Asset managers are lagging behind in developing their data capabilities, which they say are crucial to improving investment returns and cutting costs, finds asset management consultancy Alpha FMC. 

On average less than 1 per cent of staff within asset management firms have data management skills. Over two thirds (69 per cent) of firms do not have, and do not plan to hire, a Chief Data Officer. 

Nevertheless, most asset managers, particularly the larger firms, have ambitions to innovate through better data governance and to generate insights by leveraging advanced data analytics.

This is significant because asset managers are using more financial and non-financial data flows from more sources than ever online to inform decisions about their positioning, which means they must find ways to manage this deluge of data. There are also efficiency benefits that many hope to harness by using more advanced artificial intelligence and machine learning techniques.

“Having access to better data across the value chain is becoming an urgent trend in the investment industry. Large asset managers are on the offensive with data, and, without significant investment, small and mid-sized firms risk being left behind,” explains Olivia Vinden, director at Alpha FMC.

The study of 33 asset managers with a combined AUM of GBP6.9 trillion shows that low staffing levels, lack of senior oversight, and budget constraints are hampering development.

Larger asset managers with over GBP250 million in AUM tend to have more sophisticated data capabilities, often employing more than twice the number of data management staff than small and medium sized firms, and nearly a fifth (18 per cent) having appointed a Chief Data Officer. 

This compares to small firms, which are mostly still in the early stages of defining their overall data strategy. This reflects in their hiring plans, with almost two thirds (64 per cent) looking to hire more data architects. A similar number (67 per cent) of medium sized firms are hiring data engineers, as they move applications to the cloud and focusing on data integration. Meanwhile, the big players appear to be much further along, and are now looking to hire data science (45 per cent) and governance (27 per cent) experts to develop ways of generating insights from data.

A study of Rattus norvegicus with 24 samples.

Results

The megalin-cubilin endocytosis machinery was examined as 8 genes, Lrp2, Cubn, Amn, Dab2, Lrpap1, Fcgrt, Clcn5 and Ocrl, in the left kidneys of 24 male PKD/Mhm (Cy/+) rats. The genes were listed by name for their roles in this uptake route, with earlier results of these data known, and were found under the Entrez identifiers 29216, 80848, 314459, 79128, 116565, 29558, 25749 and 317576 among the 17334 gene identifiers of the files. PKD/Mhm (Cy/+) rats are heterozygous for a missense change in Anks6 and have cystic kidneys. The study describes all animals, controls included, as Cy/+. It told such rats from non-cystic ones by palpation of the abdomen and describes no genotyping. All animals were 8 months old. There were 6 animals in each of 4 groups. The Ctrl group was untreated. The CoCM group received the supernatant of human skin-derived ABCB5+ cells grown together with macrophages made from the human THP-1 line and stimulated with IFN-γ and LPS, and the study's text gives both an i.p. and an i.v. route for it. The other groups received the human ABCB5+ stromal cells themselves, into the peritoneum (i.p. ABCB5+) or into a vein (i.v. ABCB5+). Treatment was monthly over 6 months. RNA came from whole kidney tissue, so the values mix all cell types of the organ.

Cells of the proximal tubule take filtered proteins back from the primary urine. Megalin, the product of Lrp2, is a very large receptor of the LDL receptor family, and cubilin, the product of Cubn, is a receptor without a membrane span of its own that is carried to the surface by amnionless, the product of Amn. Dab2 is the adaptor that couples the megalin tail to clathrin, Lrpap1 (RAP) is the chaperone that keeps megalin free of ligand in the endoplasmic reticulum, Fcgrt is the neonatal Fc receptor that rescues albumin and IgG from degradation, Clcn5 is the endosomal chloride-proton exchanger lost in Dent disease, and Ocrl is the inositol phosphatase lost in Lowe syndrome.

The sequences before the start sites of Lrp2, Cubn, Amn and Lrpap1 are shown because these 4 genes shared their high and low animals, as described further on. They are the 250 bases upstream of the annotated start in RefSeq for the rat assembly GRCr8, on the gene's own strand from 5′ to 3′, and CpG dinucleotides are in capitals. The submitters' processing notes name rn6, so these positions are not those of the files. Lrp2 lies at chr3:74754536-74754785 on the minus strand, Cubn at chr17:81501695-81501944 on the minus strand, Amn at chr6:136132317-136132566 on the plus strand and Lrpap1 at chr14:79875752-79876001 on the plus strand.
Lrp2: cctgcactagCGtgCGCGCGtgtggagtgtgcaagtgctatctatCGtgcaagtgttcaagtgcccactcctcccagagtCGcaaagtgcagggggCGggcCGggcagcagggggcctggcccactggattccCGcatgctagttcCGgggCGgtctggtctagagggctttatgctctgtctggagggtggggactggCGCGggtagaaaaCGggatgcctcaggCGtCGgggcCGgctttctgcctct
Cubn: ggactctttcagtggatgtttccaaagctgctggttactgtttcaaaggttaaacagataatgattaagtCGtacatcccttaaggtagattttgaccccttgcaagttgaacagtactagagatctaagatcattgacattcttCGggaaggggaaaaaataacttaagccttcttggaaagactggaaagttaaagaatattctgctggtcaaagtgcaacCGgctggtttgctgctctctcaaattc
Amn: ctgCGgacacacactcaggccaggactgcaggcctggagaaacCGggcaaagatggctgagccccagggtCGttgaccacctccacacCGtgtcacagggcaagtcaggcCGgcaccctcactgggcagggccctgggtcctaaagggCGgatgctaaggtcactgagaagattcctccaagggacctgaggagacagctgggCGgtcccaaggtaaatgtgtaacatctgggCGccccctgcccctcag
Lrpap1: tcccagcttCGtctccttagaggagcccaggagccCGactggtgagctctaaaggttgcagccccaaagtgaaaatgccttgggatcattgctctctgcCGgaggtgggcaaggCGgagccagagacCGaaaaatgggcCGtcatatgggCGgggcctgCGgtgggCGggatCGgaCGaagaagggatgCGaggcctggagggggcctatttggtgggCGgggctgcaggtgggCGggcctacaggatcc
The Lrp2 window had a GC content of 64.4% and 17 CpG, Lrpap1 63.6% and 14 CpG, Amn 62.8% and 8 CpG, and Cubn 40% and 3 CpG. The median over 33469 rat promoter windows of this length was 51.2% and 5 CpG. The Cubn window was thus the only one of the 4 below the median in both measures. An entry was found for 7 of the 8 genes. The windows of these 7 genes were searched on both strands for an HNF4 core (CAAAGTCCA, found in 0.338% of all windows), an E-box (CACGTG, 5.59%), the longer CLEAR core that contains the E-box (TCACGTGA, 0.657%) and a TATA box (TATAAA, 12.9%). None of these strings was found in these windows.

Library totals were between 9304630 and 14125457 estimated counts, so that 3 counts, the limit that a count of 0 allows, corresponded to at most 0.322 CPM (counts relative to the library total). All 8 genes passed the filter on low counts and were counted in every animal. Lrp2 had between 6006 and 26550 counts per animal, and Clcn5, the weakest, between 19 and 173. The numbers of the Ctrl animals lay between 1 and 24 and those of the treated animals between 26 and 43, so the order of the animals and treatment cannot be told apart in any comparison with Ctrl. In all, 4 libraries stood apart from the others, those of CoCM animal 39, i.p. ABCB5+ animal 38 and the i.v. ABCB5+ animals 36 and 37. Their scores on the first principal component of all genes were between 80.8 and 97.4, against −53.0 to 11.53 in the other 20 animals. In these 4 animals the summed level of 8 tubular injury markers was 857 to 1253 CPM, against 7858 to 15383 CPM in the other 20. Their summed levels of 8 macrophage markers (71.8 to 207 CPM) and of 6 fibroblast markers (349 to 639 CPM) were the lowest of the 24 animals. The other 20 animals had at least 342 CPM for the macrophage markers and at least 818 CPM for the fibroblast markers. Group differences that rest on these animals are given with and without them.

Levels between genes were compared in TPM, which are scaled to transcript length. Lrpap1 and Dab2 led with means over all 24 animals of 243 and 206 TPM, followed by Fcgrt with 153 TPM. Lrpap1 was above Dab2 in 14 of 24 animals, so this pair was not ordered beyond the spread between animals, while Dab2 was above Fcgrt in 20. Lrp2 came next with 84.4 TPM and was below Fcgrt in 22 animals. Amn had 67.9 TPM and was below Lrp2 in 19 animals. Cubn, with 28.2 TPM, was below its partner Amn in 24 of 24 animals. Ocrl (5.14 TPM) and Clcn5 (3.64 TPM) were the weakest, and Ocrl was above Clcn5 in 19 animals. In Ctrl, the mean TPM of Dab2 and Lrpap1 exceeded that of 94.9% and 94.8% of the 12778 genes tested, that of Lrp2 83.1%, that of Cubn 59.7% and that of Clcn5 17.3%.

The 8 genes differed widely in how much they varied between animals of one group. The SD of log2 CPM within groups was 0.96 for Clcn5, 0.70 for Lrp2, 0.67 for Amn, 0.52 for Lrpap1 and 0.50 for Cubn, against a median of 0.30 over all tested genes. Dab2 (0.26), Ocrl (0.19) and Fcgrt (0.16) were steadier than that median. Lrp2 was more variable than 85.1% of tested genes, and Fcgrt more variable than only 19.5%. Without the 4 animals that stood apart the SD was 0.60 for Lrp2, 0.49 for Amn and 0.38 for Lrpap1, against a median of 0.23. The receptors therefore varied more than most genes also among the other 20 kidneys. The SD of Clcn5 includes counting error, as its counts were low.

Overall, almost half (48 per cent) of asset managers say responsibility for data management is still siloed by individual business functions, a figure which increases to 73 per cent among smaller players. 

Vinden adds: “Against a backdrop of market uncertainty, the industry is bracing itself with defensive investment strategies. Our research indicates a significant shift is taking place as firms recognise that an offensive data strategy – that is, an approach where data drives core business objectives – is needed to capture growth in competitive times.

“It is concerning that responsibility for data remains siloed, particularly amongst smaller firms. Data programmes work best with strong senior leadership, executive buy in across the business, and a holistic approach that encompasses the whole business.” 

One in ten (10 per cent) firms with senior managers say they have not really considered the subject of data governance, compared to 42 per cent of firms, where data governance is a concern across the whole business. 

Budget constraints are the biggest obstacle faced by asset managers when it comes to hiring data expertise, cited by 50 per cent of respondents. Since data resources are often required on an intermittent or ad hoc basis, 30 per cent of respondents say they do not have sufficient existing infrastructure to justify hiring more data expertise. 

Emma Haffenden, senior manager at Alpha FMC, adds: “It is interesting that skills shortage is currently seen as a barrier to cultivating data expertise by only 7 per cent of respondents. This puts those who do have the budget and the scope to hire now at a first mover advantage. The market resource gap may increase in the short term as asset managers increasingly focus on hiring and retaining skilled staff.

“Budgetary constraints on hiring data expertise are slowing firms down, as is a lack of senior ownership. Individual department concerns take precedence over the less immediate, but in the long term crucial, need for an enterprise wide data strategy.”